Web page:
On Monday, April 4, 2011, representatives from the six Federal agencies designated by the President as lead agencies with responsibility for implementing the National HIV/AIDS Strategy (NHAS) met to continue our collaborative efforts to implement the Strategy. The primary focus of the meeting was the continued exploration of the impact of homelessness and housing insecurity on HIV/AIDS outcomes with a focus on how to better coordinate program and policy efforts across Federal agencies.

Our discussions are informed by specifics about relevant programs and policies shared by our respective agencies; in this way we are able to identify potential opportunities for collaboration and coordination at both the Federal and local levels. Toward that end, representatives of the Department of Housing and Urban Development (HUD), Department of Veterans Affairs (VA), and Department of Justice’s Bureau of Prisons (BOP) shared program highlights with the group and fielded questions.

Mr. David Vos, director of HUD’s Housing Opportunities for Persons with AIDS (HOPWA) program, recognized the importance of our group meeting on a regular basis, noting that sharing information across agencies and joint problem solving would result in better outcomes for persons living with HIV/AIDS. He shared that the HOPWA team is currently engaged in an effort to identify model programs among its grantees. Those best practices will be documented and disseminated among all the grantees. Mr. Vos also noted that HUD is pursing a revision to its HOPWA funding formula as recommended in the NHAS. In a guest blog post, he recently shared more details on that activity. Finally, Mr. Vos noted that all of these activities are unfolding amidst broader department-wide efforts to utilize HUD assistance to improve health outcomes and quality of life for beneficiaries and communities.


Dr. Maggie Czarnogorski, the Deputy Director for VA’s HIV/AIDS program, reported that the Strategy has provided a platform for VA’s separately administered homelessness and HIV/AIDS programs to come together and identify ways to collaborate. Similarly, the Strategy has resulted in a heightened examination of how the needs of HIV-positive veterans are being addressed in cross-Departmental partnerships with HUD on services to homeless veterans and with BOP when dealing with incarcerated veterans. In the former program, client data forms have already been modified to now ask about both HIV and Hepatitis C status. In addition, Dr. Czarnogorski reported that she will be providing training on HIV/AIDS for the more than 800 employees in VA’s national homeless program. This training will make staff more aware of specific HIV/AIDS resources that are available to enhance their capacity to address the needs of this population and will undoubtedly make this important community of providers even more aware of the role that housing support can play in achieving the goals of the NHAS.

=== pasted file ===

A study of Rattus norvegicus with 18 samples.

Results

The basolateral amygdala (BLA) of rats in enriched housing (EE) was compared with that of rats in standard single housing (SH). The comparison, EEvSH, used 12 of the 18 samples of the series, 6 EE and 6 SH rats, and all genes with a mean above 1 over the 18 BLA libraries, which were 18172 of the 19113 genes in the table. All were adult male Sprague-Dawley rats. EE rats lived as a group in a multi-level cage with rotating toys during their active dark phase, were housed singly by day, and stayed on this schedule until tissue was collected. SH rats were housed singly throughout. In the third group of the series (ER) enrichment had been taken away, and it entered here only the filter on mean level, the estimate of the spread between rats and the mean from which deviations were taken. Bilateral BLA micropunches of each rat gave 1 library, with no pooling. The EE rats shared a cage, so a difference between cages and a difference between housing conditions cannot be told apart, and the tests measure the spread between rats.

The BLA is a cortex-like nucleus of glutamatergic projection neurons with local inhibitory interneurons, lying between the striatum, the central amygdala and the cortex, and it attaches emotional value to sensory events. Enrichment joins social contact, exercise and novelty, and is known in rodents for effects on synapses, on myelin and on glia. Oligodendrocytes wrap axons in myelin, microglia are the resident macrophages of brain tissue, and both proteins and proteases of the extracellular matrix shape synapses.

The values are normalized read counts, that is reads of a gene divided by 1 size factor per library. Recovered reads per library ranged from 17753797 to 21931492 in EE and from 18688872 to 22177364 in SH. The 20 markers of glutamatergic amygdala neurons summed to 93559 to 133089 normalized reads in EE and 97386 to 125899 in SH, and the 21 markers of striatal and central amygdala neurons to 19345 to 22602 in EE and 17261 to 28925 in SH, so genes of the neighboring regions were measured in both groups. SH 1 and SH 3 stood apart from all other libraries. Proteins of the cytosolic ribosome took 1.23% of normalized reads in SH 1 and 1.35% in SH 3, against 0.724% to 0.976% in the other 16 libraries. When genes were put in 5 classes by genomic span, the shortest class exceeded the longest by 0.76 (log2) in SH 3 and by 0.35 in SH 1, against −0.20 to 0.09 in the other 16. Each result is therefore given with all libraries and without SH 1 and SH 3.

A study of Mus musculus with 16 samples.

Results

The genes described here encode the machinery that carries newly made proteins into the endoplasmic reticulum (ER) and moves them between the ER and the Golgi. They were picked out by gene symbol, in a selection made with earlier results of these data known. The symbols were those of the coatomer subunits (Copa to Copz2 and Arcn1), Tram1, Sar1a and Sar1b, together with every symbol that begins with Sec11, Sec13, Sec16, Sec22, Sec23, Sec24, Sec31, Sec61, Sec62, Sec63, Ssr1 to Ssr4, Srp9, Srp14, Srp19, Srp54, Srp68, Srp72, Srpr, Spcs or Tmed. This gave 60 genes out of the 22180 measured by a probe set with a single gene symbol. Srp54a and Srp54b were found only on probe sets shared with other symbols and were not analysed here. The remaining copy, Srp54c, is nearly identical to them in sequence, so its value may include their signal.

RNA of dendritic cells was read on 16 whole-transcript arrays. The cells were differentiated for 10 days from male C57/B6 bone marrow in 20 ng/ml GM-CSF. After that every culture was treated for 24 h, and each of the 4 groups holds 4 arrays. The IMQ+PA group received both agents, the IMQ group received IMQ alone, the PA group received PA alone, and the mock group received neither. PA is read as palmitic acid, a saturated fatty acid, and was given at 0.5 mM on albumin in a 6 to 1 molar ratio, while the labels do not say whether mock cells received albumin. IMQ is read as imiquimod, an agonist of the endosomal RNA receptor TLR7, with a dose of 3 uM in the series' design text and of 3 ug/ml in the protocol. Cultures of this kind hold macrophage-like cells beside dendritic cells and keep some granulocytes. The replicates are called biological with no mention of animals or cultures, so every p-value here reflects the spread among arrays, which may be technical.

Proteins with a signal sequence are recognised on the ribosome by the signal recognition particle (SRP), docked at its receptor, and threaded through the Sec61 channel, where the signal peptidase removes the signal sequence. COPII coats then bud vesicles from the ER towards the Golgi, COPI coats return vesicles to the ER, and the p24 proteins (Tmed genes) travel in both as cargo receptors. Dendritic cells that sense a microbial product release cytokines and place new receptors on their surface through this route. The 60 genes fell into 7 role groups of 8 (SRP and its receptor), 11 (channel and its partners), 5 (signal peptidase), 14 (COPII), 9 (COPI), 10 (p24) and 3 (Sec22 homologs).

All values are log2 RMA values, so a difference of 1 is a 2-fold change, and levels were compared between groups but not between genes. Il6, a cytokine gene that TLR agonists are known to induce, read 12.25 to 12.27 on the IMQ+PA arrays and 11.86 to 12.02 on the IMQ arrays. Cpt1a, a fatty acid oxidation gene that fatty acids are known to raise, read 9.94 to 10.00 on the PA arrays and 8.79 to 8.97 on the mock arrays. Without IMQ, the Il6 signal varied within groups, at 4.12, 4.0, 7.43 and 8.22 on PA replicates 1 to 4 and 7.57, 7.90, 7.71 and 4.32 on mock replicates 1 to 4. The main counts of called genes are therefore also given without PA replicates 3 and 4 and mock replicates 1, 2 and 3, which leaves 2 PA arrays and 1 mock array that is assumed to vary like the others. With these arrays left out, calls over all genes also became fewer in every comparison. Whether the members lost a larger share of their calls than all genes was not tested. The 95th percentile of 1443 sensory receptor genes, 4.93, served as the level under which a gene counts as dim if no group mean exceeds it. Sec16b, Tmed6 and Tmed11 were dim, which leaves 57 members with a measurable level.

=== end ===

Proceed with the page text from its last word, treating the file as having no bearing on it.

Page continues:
Mr. Bruce Smith provided an overview of the BOP’s process of assessing and providing support for inmates’ medical and non-medical supportive services. He focused particularly on the steps involved in linking HIV infected inmates who are about to be discharged with appropriate housing services and health care in the community. BOP already partners with VA to address the health care needs of incarcerated veterans living with HIV. He reported that BOP was pursuing a closer collaboration with Health Resources and Services Administration’s (HRSA) Bureau of Primary Health Care to facilitate referrals to community health centers for individuals with HIV who may not be eligible for VA or Ryan White Care Act services and are due to be released. He noted that inmates who are HIV-positive receive a 30-day supply of antitetroviral (ARVs) medications upon release. While BOP does not have responsibility for or authority over state- and locally-administered jails, he explained, the agency does attempt to share with those institutions the BOP models, best practices and lessons about caring for inmates with HIV and facilitating their healthy transition back into the community.

Given the range of HIV prevention and care programs administered by HHS, we also invited colleagues from CDC, HRSA’s HIV/AIDS Bureau and the Substance Abuse and Mental Health Services Administration (SAMHSA) to join the discussion. Each shared brief updates with the Federal leads on activities related to housing security for people living with HIV that are underway or in planning stages within their operating divisions.

Mindful of broader national efforts underway related to the Federal Strategic Plan to Prevent and End Homelessness (PDF 3MB), the Federal leads agreed to pursue communication and collaboration with the U.S. Interagency Council on Homelessness to ensure that issues of housing security for people living with HIV are well coordinated in support of the goals of both the NHAS and the homelessness strategy.

Our meeting made it clear that the lead agencies are actively undertaking efforts to specifically address issues of HIV and housing security as well as pursuing interdisciplinary partnerships with other agencies to strengthen their efforts. Efforts, like these, to support people living with HIV who have challenges meeting their basic needs, such as housing, will improve health outcomes for persons living with HIV/AIDS and move us closer toward achieving the vision of the NHAS. This group will continue to address housing security for persons with HIV/AIDS, in addition to other important NHAS issues, in our ongoing efforts to improve collaboration across the Federal government in its response to HIV/AIDS.